Are you a small business owner wanting to make sure that your web design is converting visitors into leads as well as it could?
For large sites with huge amount of traffic, companies can invest huge amounts of resources into conversion rate optimisation to ensure their design is giving them the best possible returns. Strategies involving a/b split testing, in depth measuring and analysis are effective, but they can also be a time-consuming and expensive.
For your average small business often this level of in-depth analysis is not realistic, you and your employees probably have plenty to do with the actual ‘running-the-business’ side of things.
So for small businesses who just want to make sure they have the basics covered in order to get the best results for the least amount of resources, here are the first 5 things you should look at when making sure your website is converting its visitors into leads:
1. Headlines are important
The headline is often what will attract the most attention on a home page, so it needs to clearly get across what your business is all about why you’re better than the next person. Too often businesses will waste this opportunity and just put something that is purely written for search engines to help SEO, or they will put something like “Welcome to our website”. As an SEO agency in Melbourne, we are careful to always check that everything we do on a client’s website not only helps optimise for search engines, but optimises for human beings as well.
What a waste.
The headline needs to convince readers that it’s worth hanging around to find out more and read the rest of the site, otherwise within a few seconds visitors will lose interest and find another provider. You don’t have long to make an impression, and the headline is the key to this, it needs to answer the questions people are looking for and explain why they would want to enquire with you.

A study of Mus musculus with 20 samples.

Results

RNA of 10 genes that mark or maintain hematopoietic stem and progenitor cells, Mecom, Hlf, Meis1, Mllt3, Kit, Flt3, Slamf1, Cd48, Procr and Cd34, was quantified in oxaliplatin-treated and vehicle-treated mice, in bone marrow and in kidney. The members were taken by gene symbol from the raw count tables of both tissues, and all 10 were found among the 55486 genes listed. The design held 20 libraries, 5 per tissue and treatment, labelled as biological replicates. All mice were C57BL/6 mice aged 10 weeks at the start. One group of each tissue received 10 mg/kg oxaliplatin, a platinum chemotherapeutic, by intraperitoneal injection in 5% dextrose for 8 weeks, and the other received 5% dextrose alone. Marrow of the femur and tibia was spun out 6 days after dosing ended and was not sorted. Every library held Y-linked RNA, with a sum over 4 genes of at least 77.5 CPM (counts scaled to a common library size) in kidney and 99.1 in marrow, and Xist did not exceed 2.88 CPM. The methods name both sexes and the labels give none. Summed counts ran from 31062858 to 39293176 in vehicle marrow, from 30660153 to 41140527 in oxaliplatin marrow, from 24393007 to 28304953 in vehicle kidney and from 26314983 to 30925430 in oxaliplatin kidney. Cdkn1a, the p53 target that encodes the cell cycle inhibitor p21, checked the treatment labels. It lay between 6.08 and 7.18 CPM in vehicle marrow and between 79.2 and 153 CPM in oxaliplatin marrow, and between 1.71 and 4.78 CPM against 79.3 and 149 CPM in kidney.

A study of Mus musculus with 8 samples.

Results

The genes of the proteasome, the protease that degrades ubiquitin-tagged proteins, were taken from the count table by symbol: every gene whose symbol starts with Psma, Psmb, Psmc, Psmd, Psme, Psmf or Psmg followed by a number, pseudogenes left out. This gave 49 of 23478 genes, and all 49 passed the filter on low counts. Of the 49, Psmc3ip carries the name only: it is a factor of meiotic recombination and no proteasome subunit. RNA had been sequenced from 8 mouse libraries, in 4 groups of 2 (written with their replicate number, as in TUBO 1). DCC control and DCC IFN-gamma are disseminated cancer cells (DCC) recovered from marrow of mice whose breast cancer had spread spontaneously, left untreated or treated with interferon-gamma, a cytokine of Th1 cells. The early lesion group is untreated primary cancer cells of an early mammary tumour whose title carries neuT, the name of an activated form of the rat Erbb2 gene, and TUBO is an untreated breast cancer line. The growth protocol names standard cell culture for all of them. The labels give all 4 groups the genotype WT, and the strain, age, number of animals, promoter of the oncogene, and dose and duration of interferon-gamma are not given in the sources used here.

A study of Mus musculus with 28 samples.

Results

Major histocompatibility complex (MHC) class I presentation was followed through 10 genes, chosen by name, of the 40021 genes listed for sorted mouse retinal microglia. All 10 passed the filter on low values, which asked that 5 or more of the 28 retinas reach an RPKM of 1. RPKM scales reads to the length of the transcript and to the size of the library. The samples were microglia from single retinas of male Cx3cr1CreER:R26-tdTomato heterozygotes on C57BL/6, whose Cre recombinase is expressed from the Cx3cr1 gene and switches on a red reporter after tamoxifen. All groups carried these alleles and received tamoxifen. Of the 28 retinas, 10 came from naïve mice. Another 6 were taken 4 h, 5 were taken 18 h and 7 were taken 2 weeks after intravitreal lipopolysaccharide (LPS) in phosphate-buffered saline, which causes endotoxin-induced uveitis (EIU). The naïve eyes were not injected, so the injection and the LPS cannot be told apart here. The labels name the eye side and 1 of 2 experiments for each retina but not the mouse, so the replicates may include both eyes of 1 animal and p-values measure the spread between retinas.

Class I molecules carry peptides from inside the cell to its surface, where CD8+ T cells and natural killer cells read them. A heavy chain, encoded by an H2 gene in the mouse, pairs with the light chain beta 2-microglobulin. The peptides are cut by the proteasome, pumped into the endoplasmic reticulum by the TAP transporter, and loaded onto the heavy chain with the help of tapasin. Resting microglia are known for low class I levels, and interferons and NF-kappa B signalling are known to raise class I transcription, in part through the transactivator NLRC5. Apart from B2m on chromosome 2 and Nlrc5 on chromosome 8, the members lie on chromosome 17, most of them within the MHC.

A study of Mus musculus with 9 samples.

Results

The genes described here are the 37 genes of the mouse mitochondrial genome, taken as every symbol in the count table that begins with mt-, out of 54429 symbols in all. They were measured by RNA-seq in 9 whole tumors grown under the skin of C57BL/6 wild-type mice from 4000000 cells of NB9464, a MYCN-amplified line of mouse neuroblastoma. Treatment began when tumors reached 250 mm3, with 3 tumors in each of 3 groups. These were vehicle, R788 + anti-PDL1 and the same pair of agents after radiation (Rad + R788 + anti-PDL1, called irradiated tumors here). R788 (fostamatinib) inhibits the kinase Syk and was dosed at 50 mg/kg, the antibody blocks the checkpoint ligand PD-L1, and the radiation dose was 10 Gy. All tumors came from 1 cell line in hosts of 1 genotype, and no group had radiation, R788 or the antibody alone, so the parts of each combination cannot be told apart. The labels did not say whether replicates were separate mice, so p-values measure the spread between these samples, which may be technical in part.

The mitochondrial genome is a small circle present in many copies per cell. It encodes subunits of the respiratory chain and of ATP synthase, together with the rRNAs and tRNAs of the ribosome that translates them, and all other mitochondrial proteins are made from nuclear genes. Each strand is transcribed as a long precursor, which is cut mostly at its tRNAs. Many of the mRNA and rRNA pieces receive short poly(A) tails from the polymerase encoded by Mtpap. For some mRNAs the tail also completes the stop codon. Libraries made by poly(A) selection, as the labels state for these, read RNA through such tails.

2. Sliders/carousels aren’t…
Homepage sliders and carousels are a huge fad, and have been for a while.
But in reality they take up so much space on the homepage and don’t really offer any encouragements to take action.
They are also bulky and can slow your site down. How often have you landed on a website home page and then had to wait several seconds your their slider to load?
It’s really not worth it.
Images are hugely important to impress visitors. Giving a visual of what your business does speaks much faster than text ever can. But using over a half of the home page for images is a waste of space, especially when the image is changing at regular intervals distracting the user and pulling them in a different direction every time.
3. Easily digestible content
People need information in order to decide whether or not to contact you, but they won’t read it if it’s just a slab of text.
- People read headlines
- They skim short paragraphs
- And they skip large paragraphs.
The use of white space, subheadings, bullet points and generally breaking up your content is so important in making sure your message gets across.
Otherwise the whole website will looks like too much hard work and people may not bother.
4. Prominent Contact information & contact form
As soon as people decide that they want to give you a call or send an email , the process from thought to action should be as obvious and immediate as possible.
This means that on all pages you need a prominent phone number for people that want to call and get an answer right now, and a prominent contact form that requires the least amount of information as possible for those who would rather email or are viewing the site after hours.
Every users on your website has threshold of interest in your product or service and a level of patience in working out how to contact you. Where those two points intersect is moment you lose a lead.
Make enquiring as easy as possible lets you lower your abandonment threshold and do more business.
5. Effective action colours
One of the most effective ways to make your call-to-action obvious to customers is effective use of action colours.
Figure out your baseline and accent colours for your site, and use an action colour that will stand out in contrast. Your phone number, submit button on contact forms and any other important element that requires a user action should be in this colour.
There will be plenty of people telling you what the exact right colour to “raise conversion by 213%”, but the truth is the right colour is going to depend on the colours you’re already using for your brand.
Use tools like the Adobe Color Wheel to get an idea of what colour might match your current design, but still give your CTA enough pop.
Does your website make effective use of these basic strategies?
If the answer is no, then it is time to get to work.